Tech stocks were flat Friday afternoon after earnings announcements from IT vendors this week and a government economic report offered glimpses of good news, but not enough to dispel the pall that hangs over the technology market.
Apple, Facebook, SAP and other major vendors reported mixed third-quarter earnings this week. They followed a string of disappointing earnings announcements from other IT heavyweights this season including Microsoft, IBM and Intel.
In late Friday afternoon trading, The Nasdaq Computer Index gained 1.20 points to 1,569.17, about where it was a week earlier. While computer stocks are still up by 13 percent for the year, they were up by more than 25 percent for the year a little more than a month ago.
The U.S. Department of Commerce said Friday that the U.S. economy expanded at a 2 percent annual rate from July through September, up from a 1.3 percent rate in the prior quarter. But in the tech sector, PC sales are down from last year and large companies are showing some hesitation to expand IT purchases.
Many computer buyers last quarter held off purchases as they waited for a new generation of PCs based on Windows 8 to be released. Windows 8 was released Friday and a slew of products from hardware vendors are following.
Meanwhile, the so-called "fiscal cliff" -- a series of drastic U.S. budget cuts that will go into effect next year if a political compromise on taxes and spending is not worked out -- has appeared to make enterprises cautious about large-scale IT purchases.
The transition to Windows had an effect on Taiwan-based PC maker Acer, which this week said it managed to squeeze out a profit after a year-earlier loss. Sales slumped as it made the transition to a new line of laptops, tablets and all-in-one PCs based on Windows 8. Acer's net profit for the third quarter reached NT$68 million (US$2.3 million) up from a year-earlier loss of NT$1.1 billion. Revenue was down 11.4 percent year over year to NT$104.4 billion.
One good sign this week came from Samsung Electronics, which said Friday that third-quarter net profit jumped 91 percent to 6.56 trillion won (US$6 billion). Sales were up 26 percent year over year to 52.2 trillion won. The good results were attributed largely to healthy sales of its Galaxy S III phone and its Note line of tablets. The latest device, the Note 2, has garnered early praise and strong sales, analysts noted.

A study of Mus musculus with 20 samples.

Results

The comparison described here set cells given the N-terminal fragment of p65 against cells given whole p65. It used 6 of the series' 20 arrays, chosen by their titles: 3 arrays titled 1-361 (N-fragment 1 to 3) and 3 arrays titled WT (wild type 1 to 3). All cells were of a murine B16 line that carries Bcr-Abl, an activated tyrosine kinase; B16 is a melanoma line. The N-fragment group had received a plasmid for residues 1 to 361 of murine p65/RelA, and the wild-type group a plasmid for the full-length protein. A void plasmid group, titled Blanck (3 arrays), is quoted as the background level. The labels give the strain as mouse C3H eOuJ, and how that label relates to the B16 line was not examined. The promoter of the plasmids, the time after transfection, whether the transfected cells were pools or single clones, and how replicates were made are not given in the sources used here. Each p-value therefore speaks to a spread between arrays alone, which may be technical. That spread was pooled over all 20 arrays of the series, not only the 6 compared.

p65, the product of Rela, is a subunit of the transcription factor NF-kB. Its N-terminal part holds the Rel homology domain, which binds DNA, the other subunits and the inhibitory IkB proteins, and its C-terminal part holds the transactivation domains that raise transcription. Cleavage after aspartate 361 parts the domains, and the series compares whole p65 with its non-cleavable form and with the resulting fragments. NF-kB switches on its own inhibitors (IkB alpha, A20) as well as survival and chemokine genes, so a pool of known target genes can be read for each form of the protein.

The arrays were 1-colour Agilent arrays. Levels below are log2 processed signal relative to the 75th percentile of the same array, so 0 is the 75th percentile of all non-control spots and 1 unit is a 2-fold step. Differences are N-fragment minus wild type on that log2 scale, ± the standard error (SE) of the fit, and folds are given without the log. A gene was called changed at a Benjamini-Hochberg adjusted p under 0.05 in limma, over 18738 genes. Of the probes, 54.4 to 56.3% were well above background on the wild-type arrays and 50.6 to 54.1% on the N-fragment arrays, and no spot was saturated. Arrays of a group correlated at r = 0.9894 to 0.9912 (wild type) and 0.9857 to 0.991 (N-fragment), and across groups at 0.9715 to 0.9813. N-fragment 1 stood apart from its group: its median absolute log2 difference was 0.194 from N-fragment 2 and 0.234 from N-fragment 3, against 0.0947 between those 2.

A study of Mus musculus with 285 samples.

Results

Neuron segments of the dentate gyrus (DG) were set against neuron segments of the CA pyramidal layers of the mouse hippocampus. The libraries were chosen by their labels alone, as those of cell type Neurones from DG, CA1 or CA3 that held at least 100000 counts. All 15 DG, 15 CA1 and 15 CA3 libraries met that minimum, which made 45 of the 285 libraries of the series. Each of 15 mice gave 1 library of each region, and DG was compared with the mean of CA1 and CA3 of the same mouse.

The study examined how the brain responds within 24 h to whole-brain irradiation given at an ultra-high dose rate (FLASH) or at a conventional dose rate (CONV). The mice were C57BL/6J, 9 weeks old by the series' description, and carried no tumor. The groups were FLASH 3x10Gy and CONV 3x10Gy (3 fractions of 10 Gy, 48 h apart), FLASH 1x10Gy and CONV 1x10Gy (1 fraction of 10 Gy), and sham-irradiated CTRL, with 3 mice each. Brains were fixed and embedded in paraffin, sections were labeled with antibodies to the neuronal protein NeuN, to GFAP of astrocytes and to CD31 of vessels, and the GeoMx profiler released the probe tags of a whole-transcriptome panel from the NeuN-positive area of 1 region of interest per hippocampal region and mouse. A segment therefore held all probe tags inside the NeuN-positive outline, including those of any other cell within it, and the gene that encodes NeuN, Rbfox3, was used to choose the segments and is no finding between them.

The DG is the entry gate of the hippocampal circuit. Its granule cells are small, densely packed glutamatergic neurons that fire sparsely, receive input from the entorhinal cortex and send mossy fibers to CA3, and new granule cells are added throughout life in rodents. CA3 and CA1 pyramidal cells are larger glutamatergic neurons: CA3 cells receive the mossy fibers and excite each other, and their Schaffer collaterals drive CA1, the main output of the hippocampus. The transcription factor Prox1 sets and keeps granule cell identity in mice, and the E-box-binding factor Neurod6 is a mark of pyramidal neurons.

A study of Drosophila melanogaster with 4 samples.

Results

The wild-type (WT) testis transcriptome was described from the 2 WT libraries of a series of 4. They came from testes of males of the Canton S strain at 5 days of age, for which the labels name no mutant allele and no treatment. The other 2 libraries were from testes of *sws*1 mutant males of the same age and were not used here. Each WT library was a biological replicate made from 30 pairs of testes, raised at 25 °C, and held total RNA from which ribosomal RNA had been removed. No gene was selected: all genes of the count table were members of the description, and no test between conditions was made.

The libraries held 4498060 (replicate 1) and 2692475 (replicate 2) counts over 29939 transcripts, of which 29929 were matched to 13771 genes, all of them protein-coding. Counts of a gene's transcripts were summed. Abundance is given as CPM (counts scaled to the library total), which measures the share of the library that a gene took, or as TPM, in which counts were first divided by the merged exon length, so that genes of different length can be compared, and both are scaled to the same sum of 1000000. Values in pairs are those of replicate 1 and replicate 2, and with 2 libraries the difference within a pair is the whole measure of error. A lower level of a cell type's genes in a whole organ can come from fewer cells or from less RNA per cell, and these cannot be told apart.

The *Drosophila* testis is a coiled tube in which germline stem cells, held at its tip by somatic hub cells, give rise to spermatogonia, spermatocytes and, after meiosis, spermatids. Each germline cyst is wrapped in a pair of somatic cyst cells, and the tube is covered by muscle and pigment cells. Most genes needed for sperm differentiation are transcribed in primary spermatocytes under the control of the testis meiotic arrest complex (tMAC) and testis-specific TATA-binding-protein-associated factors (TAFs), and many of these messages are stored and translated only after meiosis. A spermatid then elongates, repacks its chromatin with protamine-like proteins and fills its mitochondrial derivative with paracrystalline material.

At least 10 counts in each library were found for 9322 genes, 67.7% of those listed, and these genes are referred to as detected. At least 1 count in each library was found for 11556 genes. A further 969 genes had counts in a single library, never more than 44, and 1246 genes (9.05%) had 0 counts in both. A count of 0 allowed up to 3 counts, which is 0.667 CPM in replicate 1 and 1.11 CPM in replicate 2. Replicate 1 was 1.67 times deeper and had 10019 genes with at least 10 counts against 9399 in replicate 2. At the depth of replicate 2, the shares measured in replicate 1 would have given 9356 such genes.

Apple results this week disappointed, even though the company had its best quarter ever for both sales and profit. Sales of iPhones and iPads fueled a 27 percent year-over-year jump in quarterly revenue, to $35.97 billion. Net profit came in at $8.2 billion, up from $6.6 billion. However, profit was below analyst expectations and the company's earnings guidance for this quarter also came up short compared to expectations.
One of Apple's main problems is that component supplies are constricting production and it was not able to meet demand.
Apple shares were down by $2.16 to $607.37 in Friday afternoon trading. Some analysts maintain a positive outlook, however.
"Given management comments of quickly improving iPhone 5 supply and our checks indicating record demand, we believe Apple's Q1/F2013 guidance could prove conservative," said Canaccord Genuity's Michael Walkley in a research note Friday. "We maintain our belief Apple is well positioned for strong F2013/14 earnings growth driven by new product launches across its portfolio."
Enterprise software has been one of the bright spots for tech this year and this week was no exception, with SAP reporting its best third quarter ever. Revenue increased year over year by 16 percent to A!3.9 billion (US$5 billion). Software sales increased 17 percent to A!1 billion. Profit declined 51 percent to A!618 million, due mainly to one-time charges associated with its Ariba acquisition and a comparison to the quarter last year when income was boosted due to a reduction in provisions for its lawsuit with Oracle.
However, SAP said sales of it HANA in-memory computing platform and mobile-related sales were on track to meet expectations. The company boosted its revenue growth forecast to 10.5 percent to 12.5 percent in constant currency and non-IFRS (international financial reporting standards) terms. The prior forecast was for 10 percent to 12 percent growth and did not include income from Ariba, the cloud-based collaborative commerce applications company.
In the online arena, Facebook results this week caused some good cheer. Revenue for the third quarter rose 31 percent year over year to $1.26 billion.
Hit by stock-based compensation charges, the company suffered a net loss of $59 million. But the company had good news related to its mobile efforts, a key area of potential growth since many users are now accessing Internet services on mobile devices. Mobile ad sales accounted for 14 percent, or about $150 million, of revenue and monthly mobile users rose 61 percent to 604 million. Company shares jumped by $3.48 to $22.23 Wednesday, the day after the earnings announcement, though they drifted down a bit toward the end of the week.